Wallace talks to Trumann Lions
David Wallace, a retired Lieutenant Colonel with the 1st Cavalry who served in Vietnam, spoke recently to the Trumann Lions Club. Wallace, of Leachville, is running for State Representative of District 54.
Wallace spoke to the club about some of his experiences in Vietnam and the importance of overcoming fear, whether it's in war, in government positions, or in everyday life.
"I promise you, everyone in combat feels fear," Wallace said, "but we do it because we have a greater fear of letting our buddies down."
Wallace said he believed sometimes politicians' fears lead them to go along with political leaders and against their own convictions. "I believe government officials must have the courage to overcome their political fears," Wallace said.
Wallace noted he is not a career politician but said he was running because he sees things being done he feels are wrong. "I believe politicians need to be honest with voters," Wallace said. "I believe a state representative needs to listen to the folks in the district. Every day I'm out walking the streets, talking to folks, and listening to folks because I want to hear what they have to say. At 66, I'm probably not going to be a career politician, and I'm not going to be asking for your vote 20 years from now, but I believe I can make a difference right now."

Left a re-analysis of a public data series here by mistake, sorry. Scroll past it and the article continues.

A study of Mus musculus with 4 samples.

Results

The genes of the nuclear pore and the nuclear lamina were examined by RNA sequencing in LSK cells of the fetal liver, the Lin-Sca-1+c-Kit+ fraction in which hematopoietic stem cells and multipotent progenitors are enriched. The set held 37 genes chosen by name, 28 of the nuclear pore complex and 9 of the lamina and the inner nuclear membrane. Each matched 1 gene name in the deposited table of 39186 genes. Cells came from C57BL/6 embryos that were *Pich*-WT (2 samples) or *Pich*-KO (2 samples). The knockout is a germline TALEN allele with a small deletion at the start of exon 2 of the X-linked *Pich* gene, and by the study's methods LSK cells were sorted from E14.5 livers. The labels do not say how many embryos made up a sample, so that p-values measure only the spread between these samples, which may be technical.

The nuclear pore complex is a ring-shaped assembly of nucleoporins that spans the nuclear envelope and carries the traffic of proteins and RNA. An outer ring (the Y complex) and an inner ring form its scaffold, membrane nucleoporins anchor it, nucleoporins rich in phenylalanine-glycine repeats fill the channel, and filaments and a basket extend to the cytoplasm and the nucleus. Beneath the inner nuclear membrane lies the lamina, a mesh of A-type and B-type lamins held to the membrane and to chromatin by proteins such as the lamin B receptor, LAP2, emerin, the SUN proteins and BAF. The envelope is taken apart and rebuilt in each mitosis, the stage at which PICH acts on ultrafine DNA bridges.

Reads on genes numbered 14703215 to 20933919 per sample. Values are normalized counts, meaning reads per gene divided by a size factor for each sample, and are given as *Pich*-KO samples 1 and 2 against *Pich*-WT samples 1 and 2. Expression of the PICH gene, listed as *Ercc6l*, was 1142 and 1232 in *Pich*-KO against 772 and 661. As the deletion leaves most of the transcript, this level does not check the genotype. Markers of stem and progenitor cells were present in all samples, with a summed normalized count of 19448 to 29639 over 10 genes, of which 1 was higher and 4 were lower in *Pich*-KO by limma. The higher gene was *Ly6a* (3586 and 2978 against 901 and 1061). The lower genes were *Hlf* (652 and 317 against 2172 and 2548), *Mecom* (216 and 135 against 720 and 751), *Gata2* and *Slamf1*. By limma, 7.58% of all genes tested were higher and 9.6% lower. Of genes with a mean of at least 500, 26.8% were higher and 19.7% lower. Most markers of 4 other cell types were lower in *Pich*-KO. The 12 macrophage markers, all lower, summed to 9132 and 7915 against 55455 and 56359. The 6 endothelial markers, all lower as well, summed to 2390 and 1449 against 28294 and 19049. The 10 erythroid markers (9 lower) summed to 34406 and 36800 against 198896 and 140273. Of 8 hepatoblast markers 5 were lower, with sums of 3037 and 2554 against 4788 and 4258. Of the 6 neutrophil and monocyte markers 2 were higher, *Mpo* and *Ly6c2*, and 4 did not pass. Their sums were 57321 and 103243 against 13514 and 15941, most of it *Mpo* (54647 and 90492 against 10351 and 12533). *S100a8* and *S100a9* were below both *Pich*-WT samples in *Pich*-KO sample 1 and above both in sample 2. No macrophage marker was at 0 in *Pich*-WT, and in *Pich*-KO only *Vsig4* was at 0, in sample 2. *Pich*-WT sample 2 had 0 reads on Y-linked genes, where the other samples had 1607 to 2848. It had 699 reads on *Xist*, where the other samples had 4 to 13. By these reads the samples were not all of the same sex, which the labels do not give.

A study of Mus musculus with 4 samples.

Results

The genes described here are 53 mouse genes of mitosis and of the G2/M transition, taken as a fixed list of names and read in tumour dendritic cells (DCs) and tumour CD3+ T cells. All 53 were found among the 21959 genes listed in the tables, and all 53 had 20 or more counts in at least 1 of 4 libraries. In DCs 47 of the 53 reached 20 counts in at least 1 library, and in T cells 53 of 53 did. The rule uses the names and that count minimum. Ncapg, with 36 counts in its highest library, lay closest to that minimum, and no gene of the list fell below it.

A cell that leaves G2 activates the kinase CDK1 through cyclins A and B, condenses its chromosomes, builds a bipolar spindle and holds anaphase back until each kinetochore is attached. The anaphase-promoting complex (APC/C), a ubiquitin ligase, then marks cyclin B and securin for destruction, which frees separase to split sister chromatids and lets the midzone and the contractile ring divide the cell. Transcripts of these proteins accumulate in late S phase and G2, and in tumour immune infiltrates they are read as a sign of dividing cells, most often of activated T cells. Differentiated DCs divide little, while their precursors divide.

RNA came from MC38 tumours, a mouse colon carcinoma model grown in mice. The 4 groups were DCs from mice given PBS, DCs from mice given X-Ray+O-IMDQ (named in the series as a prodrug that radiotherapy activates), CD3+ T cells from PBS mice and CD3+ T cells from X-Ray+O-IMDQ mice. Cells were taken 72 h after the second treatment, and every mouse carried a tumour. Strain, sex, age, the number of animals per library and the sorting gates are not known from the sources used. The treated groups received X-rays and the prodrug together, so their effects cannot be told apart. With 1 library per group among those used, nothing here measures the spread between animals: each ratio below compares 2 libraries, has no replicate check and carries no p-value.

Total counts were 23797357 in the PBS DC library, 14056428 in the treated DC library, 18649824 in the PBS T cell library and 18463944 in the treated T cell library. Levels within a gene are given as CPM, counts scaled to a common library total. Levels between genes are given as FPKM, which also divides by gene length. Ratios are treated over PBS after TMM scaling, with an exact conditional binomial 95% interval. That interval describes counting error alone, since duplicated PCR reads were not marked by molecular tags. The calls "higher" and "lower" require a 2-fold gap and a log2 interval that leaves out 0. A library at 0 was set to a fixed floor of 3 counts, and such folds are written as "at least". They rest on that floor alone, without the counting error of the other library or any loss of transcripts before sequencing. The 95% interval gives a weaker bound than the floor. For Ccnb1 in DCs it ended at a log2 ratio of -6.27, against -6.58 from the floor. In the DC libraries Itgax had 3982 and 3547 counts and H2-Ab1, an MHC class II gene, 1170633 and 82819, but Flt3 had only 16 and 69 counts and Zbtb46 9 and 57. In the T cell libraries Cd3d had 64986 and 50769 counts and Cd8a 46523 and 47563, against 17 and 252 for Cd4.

Wallace said he believed Arkansas should lower the state income tax to make it easier for companies to come in and bring more jobs.
"I'm conservative and proud," Wallace said. "I'm not going to let political fears overcome my conservative beliefs." Among his beliefs, Wallace said he believed in the need to reduce taxes and cut red tape to bring more businesses in, the need to take a hard look at the private option, the right to bear arms, and the sanctity of life--Wallace noted he and his wife adopted both of their children. Wallace said he believes marriage is between a man and a woman and said he supports the death penalty.
Wallace ended by telling the story of Robert Lee Frakes, a friend of his in the Army who died the next to last day of the war in Vietnam. Wallace said Frakes' helicopter was hit while they were extracting some rangers and went down. Frakes pulled the rangers out of the aircraft, but when he went back in for the last man, he did not make it out.
"If he had the courage to do that, I promise I have the courage to represent this district," Wallace said. "I will vote the way the district believes I should vote."
Wallace said he intends to stay in touch with what's going on in the district by going to city council and quorum court meetings as well as getting out and talking to as many people as he can.
Wallace is the owner of Wallace Restorations and was inducted into the Arkansas State Hall of Heroes in 2010.